Did Journos Get Tricked Into Reporting That the Turkish President Was a SB Shooter?


Screen Shot 2015-12-03 at 1.34.44 AMYou can imagine what the mad frenzy is like in our industry in the clogged Twittersphere searching for every new breaking development while a tragedy unfolds like the one in San Bernardino, CA. Press conferences, cited sources, reports and alleged goings-on jam up every newsroom, just like ours, competing to present new information to readers and viewers.

Tonight it seems as if a few reporters — committed I’m sure to doing their jobs on a night of difficult developments — may have misidentified the name of the second shooting suspect to be the Turkish President.

At 11:29 p.m. ET, The Los Angeles Times‘ FBI/Justice Reporter Rick Serrano took to Twitter for what was, by my accounts, the very first word of the suspect’s identity:


The tweet identifying Tayyeep Bin Ardogan was since deleted; but in the half hour or so that followed, Serrano’s Tweet worked it’s way up to thousands of engagements as journalists and outlets finally had a verified Twitter user from a trusted news source to release this information.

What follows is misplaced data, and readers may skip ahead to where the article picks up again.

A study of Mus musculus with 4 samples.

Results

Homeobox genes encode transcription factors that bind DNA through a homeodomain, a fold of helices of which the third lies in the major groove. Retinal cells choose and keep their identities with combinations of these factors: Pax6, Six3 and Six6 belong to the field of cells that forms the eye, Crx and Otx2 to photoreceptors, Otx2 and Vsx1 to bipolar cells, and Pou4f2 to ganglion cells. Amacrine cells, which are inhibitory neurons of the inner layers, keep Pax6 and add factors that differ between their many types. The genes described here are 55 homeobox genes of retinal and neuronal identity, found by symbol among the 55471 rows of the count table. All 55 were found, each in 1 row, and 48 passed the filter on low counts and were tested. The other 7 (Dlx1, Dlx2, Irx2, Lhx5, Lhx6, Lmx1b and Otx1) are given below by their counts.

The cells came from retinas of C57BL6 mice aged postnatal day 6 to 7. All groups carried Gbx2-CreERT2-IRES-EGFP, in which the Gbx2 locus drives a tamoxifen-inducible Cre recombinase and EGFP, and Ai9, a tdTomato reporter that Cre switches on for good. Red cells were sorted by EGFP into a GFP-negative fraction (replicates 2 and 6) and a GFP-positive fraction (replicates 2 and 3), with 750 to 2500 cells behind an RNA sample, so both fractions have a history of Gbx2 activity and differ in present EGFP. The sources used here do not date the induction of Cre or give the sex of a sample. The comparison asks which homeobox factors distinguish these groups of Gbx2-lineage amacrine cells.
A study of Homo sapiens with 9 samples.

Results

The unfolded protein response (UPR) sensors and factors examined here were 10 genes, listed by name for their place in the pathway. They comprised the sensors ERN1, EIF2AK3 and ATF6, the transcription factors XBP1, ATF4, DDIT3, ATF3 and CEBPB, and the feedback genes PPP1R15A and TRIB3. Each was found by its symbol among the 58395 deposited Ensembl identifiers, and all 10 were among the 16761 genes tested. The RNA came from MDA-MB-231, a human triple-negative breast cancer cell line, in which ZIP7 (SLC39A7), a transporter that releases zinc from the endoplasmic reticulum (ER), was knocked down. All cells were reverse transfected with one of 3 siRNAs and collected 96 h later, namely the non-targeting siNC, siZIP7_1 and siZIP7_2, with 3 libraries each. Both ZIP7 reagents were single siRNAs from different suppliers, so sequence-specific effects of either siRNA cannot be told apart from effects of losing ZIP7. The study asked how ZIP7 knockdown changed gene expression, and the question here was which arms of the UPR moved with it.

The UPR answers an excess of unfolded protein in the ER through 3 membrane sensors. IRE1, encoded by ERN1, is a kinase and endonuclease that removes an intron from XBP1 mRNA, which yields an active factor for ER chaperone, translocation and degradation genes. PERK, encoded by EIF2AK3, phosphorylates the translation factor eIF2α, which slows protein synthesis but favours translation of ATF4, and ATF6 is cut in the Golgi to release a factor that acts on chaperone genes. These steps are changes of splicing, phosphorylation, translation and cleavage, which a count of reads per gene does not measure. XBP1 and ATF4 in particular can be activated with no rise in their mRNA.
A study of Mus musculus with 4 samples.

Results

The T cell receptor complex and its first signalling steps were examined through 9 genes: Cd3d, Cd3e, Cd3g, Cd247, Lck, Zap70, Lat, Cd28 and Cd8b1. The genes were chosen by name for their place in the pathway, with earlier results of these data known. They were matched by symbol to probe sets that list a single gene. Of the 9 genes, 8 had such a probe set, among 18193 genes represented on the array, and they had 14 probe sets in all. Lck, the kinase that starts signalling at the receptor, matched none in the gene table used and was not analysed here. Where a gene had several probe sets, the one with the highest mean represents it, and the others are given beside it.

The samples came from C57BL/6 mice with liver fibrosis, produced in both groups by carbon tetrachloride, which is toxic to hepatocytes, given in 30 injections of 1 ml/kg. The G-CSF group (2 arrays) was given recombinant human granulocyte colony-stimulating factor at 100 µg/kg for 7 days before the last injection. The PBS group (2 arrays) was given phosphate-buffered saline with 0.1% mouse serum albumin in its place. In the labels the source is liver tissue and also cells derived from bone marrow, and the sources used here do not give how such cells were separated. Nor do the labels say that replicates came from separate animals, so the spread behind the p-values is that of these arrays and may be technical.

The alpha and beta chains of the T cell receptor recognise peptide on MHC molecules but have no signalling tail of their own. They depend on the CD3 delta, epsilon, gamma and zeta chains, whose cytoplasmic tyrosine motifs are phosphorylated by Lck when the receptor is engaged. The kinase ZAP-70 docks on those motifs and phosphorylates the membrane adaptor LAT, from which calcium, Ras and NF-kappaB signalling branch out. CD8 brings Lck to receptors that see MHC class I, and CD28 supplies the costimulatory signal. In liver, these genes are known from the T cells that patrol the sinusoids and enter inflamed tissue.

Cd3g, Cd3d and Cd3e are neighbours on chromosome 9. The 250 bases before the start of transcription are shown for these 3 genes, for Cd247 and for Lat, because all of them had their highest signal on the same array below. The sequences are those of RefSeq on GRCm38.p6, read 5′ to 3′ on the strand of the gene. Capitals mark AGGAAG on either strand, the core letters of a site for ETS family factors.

Fox News contributor and political analyst Lisa Daftari also took to Twitter eight minutes later to repeat her version of the same information:



Certainly however, the Turkish President is not a suspect in Wednesday’s violence in California.

You be the judge: Tayyeep Bin Ardogan = Recep Tayyip Erdogan? 

Cable news networks themselves refrained from reporting on Bin Ardogan, simply referring to a female accomplice to the already confirmed shooting suspect, Syed Farook. Serrano’s first Tweet vanished sometime after midnight, leaving the original source of the Bin Ardogan report vacant. In its place, Serrano Tweeted the following:

Who knows how many retweets and shares there were, how many “publish” buttons around media rooms were clicked in those minutes when people were frantically listing a variation on the Turkish President’s name as a suspect in a deadly California shooting. I can tell you (because I watch cable news around the clock for this job) that the ongoing rhetoric that dominated the landscape Wednesday night dealt heavily with the ethnicities of the suspects.

Were people quick to jump on the “Bin Ardogan” train and unknowingly implicate the President of Turkey through some sophomoric prank masked in journalistic efficiency? It seems to me that on a night when we were all committed to reporting developments on the safety and well-being for a shaken community in San Bernandino, some news outlets couldn’t help but get outright Erdoganrolled.

>> Follow J.D. Durkin on Twitter (@MediaiteJD)

This is an opinion piece. The views expressed in this article are those of just the author.